Real or fake?
It’s an annual dilemma faced by everyone who celebrates Christmas. Do we go for a real tree this year, or use a fake one? There are strong arguments for both camps and in my house the winner varies from year to year.
Regardless of the choice (this year, it’s real) the sentiment is the same: our tree become the center of our holiday household, shining brightly as an expression of our values and beliefs.
A similar scenario plays out in board rooms and executive suites on a regular basis. The argument here is not about the best tree, but about how to express what matters to the company. The debate about “core values” tends to surface when it’s time to revisit strategy, especially when an organization decides to dust of its vision and mission statement.
Core values become a list of things that do (or should) guide decisions at the company. Unfortunately, they often end up like a poorly-made fake tree: stuffed in a corner from season to season, forgotten and unused.
A sign on the wall proclaiming corporate core values that everyone walks by, but never reads, is a symptom that sincerity is lacking.
Core values aren’t about words, they’re a reflection of attitudes, a mirror of what matters most to an organization. Taking the time to create a poster, engrave them on a plaque or print value statements on the back of business cards is not the goal. No matter how they are promoted, employees won’t buy into core value unless leadership lives by them.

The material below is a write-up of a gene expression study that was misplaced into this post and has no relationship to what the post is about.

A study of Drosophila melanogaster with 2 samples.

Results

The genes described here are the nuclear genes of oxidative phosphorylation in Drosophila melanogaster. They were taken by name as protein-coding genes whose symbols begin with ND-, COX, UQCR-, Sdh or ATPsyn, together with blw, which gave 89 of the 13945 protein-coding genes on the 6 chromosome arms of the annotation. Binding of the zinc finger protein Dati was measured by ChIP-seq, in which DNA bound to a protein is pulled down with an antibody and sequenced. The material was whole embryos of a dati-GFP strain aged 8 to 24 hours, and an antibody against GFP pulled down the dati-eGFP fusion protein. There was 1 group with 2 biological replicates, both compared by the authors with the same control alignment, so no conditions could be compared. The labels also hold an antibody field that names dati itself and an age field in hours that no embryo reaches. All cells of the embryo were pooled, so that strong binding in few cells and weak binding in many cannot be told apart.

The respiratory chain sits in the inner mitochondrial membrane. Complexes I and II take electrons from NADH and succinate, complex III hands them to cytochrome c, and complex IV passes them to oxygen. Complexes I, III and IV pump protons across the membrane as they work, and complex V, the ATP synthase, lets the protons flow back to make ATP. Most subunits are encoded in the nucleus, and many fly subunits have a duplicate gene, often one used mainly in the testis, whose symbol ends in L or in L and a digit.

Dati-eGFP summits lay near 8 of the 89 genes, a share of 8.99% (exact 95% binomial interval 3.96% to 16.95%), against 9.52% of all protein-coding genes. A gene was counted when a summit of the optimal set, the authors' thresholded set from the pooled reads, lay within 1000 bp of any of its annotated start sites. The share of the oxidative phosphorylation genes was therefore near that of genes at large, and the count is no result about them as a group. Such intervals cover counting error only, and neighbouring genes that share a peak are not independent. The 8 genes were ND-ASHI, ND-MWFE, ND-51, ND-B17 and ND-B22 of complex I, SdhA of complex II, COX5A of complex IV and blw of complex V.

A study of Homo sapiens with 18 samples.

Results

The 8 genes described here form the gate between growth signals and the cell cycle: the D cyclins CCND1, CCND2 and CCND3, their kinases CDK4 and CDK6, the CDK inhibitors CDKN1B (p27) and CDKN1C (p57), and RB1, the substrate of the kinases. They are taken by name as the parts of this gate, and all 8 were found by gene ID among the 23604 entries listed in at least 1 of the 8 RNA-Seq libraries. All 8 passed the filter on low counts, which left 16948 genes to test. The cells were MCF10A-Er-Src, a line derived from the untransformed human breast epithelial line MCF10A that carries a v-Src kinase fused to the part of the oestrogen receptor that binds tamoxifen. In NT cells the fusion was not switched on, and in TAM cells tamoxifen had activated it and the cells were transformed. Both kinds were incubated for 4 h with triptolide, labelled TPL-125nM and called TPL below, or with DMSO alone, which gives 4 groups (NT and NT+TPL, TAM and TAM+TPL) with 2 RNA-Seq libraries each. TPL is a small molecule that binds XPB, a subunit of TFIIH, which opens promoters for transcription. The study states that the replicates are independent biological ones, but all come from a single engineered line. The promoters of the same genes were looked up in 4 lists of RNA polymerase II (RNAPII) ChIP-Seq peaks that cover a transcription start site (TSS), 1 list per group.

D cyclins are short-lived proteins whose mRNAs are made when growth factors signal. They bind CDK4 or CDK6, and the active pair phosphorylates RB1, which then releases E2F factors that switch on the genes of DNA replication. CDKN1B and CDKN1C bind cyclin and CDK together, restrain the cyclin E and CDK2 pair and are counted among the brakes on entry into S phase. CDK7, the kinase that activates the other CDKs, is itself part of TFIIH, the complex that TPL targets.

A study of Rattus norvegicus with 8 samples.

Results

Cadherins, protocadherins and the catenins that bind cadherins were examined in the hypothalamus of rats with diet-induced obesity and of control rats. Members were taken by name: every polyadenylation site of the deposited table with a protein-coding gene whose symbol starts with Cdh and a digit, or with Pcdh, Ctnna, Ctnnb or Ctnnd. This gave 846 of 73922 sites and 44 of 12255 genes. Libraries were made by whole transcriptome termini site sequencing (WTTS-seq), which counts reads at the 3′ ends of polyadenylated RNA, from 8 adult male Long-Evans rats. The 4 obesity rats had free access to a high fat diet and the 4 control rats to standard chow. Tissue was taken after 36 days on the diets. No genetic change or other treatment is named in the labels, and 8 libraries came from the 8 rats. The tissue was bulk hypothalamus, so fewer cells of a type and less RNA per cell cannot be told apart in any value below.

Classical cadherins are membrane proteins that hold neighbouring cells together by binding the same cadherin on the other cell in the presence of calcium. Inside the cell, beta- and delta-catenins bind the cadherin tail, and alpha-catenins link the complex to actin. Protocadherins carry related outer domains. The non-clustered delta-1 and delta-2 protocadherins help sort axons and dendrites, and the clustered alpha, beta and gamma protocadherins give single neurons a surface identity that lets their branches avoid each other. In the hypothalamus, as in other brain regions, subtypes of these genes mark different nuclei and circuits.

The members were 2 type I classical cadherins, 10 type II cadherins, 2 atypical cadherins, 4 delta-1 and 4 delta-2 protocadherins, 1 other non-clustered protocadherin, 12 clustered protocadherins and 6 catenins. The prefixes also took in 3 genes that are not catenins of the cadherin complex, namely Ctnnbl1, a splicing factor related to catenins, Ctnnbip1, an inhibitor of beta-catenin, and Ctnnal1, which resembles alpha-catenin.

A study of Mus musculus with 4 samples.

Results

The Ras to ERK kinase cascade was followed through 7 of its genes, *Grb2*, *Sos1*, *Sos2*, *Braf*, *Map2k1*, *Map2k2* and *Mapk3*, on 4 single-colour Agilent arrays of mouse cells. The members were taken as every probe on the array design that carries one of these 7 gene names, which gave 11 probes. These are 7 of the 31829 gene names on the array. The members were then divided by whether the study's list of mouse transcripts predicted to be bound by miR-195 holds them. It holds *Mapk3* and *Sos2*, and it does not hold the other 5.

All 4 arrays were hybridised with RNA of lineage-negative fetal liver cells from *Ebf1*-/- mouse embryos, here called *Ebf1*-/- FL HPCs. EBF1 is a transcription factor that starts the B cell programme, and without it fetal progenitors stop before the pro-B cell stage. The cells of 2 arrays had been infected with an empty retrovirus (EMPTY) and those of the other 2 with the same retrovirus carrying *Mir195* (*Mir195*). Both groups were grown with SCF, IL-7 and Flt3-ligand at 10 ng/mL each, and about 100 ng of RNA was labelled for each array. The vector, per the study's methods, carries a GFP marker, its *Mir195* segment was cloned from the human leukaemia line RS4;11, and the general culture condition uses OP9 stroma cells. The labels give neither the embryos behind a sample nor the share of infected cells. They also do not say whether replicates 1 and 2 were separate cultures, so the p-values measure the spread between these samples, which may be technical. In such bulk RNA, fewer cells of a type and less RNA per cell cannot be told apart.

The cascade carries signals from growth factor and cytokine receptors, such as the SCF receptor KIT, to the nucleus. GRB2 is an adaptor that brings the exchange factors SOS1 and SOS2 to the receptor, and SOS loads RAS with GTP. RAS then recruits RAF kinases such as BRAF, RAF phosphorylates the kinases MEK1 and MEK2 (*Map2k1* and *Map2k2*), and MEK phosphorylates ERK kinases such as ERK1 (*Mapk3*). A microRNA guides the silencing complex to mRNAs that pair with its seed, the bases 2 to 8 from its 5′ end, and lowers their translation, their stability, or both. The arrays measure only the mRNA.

Instead of exquisitely crafted wording to show the world you care (“We value every employee.” “Customers always come first.”) take a look in the mirror. What values does your organization embody, day in and day out? What rules do you live by in terms of how people are treated and how business gets done?
These are your real core values, and sometimes, they’re not pretty. People aren’t perfect, after all.
This is why many organizations choose aspirational values. They want to inspire people to try harder, aim higher, do better. And that’s OK.
The trick is to the be sure that the desired change is modeled for employees, starting from the top. If you truly value things like honesty, integrity or compassion, these principles will shine brightly in the actions of leaders, managers and staff.
Is there an outdated value statement hidden in plain sight? Is it time to revisit what you say vs. what you do?
If so, here are a few questions to ask:
- What values drive our business decisions?
- How do we behave when the going gets tough?
- What’s non-negotiable for us in terms of the way we do business?
- What rules and expectations can we honestly live by?
- What higher plane can we reach?
Be realistic and honest. Use your value statements to reflect the reality of your organization and its corporate persona as well as what you hope to be.
Integrate these values into everything you do. Don’t stuff them into a corner or closet, bring them out, use them and make them part of your corporate culture. Discuss them in meetings. Benchmark against them. Check progress regularly.
When you treat core values as a living representation of the organization, they’ll help you realize the full power of your corporate vision.